The new proposed state of South Florida would have 24 counties, comprising 39 percent of the total area and 67 percent of the total population of Florida.

The motive for the split comes from the fact that South Florida generates 69 percent of state revenue, yet the capitol of Tallahassee tends to ignore the interests of the bottom half of the state.

The most notable grievance listed in the resolution is Tallahassee’s disregard for the effects of global warming on the southern half of the state. This comes after news that Rick Scott has ordered officials not to use the terms “climate change, global warming, sustainability, or sea-level rise,” according to reports by the Florida Center for Investigative Reporting.

South Florida has been called “ground zero” for effects of sea-level rise.

“North Florida is approximately 120 feet above sea level while the average elevation of South Florida is only 50 feet with a very large portion of South Florida averaging less than 15 feet above sea level,” the resolution reads.

Areas in this high-risk zone for sea level rise include Everglades National Park, Big Cypress National Preserve, Biscayne National Park, Lake Okeechobee (the source of much of the fresh water in Florida), and the Turkey Point nuclear reactors (which are 42 years old and less than 5 feet above sea level). Additionally, some of Florida’s wealthiest counties – Monroe, Palm Beach, Broward and Miami-Dade – are only 5 feet or less above sea level.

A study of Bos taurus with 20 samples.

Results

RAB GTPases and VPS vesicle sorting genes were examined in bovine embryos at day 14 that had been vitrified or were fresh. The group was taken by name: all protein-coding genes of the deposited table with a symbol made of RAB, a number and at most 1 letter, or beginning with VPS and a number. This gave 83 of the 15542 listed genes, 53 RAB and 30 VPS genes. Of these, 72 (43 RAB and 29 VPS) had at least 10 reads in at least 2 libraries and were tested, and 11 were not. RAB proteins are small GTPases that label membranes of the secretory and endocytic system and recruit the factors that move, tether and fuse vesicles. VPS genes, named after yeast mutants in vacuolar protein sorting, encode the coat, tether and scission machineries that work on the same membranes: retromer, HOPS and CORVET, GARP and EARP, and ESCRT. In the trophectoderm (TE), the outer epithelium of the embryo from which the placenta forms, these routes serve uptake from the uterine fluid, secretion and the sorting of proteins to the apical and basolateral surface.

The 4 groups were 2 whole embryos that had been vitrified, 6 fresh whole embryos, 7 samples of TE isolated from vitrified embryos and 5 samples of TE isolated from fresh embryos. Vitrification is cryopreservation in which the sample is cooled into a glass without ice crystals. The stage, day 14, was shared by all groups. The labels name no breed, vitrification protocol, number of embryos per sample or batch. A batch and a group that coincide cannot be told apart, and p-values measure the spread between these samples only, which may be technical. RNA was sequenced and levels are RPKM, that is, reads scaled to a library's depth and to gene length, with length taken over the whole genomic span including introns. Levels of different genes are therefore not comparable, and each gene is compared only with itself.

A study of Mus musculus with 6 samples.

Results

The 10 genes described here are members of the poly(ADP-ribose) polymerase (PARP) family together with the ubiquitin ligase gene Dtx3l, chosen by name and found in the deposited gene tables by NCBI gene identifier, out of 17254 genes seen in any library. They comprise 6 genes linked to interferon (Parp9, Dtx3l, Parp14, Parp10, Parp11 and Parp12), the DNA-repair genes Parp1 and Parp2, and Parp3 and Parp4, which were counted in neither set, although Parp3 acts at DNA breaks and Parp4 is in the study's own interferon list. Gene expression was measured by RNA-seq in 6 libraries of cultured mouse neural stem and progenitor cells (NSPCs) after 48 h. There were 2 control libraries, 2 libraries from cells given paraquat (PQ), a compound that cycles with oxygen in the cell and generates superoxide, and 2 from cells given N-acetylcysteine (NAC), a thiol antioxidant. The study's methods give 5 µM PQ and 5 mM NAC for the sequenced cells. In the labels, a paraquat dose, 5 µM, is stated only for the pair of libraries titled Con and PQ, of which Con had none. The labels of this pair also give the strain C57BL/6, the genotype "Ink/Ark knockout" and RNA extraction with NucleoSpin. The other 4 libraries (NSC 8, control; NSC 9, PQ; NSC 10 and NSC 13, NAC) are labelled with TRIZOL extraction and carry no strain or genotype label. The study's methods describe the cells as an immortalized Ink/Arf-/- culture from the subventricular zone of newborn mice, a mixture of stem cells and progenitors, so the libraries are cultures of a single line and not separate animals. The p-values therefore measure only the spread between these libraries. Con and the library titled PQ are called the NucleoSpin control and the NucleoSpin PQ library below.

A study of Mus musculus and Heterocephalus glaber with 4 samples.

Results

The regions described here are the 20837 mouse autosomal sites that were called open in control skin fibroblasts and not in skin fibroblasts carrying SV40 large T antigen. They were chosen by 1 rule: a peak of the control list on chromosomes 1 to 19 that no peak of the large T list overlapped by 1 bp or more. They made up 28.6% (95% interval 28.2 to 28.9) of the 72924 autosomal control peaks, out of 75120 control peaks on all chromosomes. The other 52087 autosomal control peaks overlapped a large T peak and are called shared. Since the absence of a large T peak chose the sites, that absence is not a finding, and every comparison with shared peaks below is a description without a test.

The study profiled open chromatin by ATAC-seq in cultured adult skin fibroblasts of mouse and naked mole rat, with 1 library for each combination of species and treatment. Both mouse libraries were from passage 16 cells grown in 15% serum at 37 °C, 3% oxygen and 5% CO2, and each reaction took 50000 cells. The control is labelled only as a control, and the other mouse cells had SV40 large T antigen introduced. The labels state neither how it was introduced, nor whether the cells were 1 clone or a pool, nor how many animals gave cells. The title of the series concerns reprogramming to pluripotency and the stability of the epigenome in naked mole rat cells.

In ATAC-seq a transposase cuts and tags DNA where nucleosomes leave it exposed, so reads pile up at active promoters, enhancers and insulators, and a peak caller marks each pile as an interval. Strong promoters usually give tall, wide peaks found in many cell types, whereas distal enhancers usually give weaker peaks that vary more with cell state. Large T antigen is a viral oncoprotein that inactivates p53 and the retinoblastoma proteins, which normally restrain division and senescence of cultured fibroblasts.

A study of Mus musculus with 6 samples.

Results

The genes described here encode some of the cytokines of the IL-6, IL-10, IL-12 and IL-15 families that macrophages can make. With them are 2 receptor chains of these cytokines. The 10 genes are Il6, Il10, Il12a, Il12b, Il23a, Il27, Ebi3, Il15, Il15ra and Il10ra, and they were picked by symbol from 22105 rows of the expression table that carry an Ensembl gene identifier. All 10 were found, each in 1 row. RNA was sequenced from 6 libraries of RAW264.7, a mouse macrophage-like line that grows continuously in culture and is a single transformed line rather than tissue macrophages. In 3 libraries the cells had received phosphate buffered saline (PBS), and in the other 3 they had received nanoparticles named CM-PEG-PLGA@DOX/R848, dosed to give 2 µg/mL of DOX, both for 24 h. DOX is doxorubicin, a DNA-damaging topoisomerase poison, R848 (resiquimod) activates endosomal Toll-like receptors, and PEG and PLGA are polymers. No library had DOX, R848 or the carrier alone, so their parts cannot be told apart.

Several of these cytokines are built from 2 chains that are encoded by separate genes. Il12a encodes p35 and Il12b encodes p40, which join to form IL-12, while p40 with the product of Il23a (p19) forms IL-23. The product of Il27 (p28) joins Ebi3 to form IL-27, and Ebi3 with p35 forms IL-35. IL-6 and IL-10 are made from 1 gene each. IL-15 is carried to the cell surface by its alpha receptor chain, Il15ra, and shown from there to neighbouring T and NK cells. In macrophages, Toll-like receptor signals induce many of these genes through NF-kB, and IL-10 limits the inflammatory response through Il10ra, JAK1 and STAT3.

“The creation of the 51st state, South Florida, is a necessity for the very survival of the entire southern region of the current state of Florida,” the resolution reads. “This is only the first step in a very complicated process and it will ultimately require the approval of the electorate of the entire state as well as Congressional approval.”

A copy of the resolution was sent to all municipalities in Miami-Dade County and the governing bodies of all 24 counties that are in the proposed South Florida region.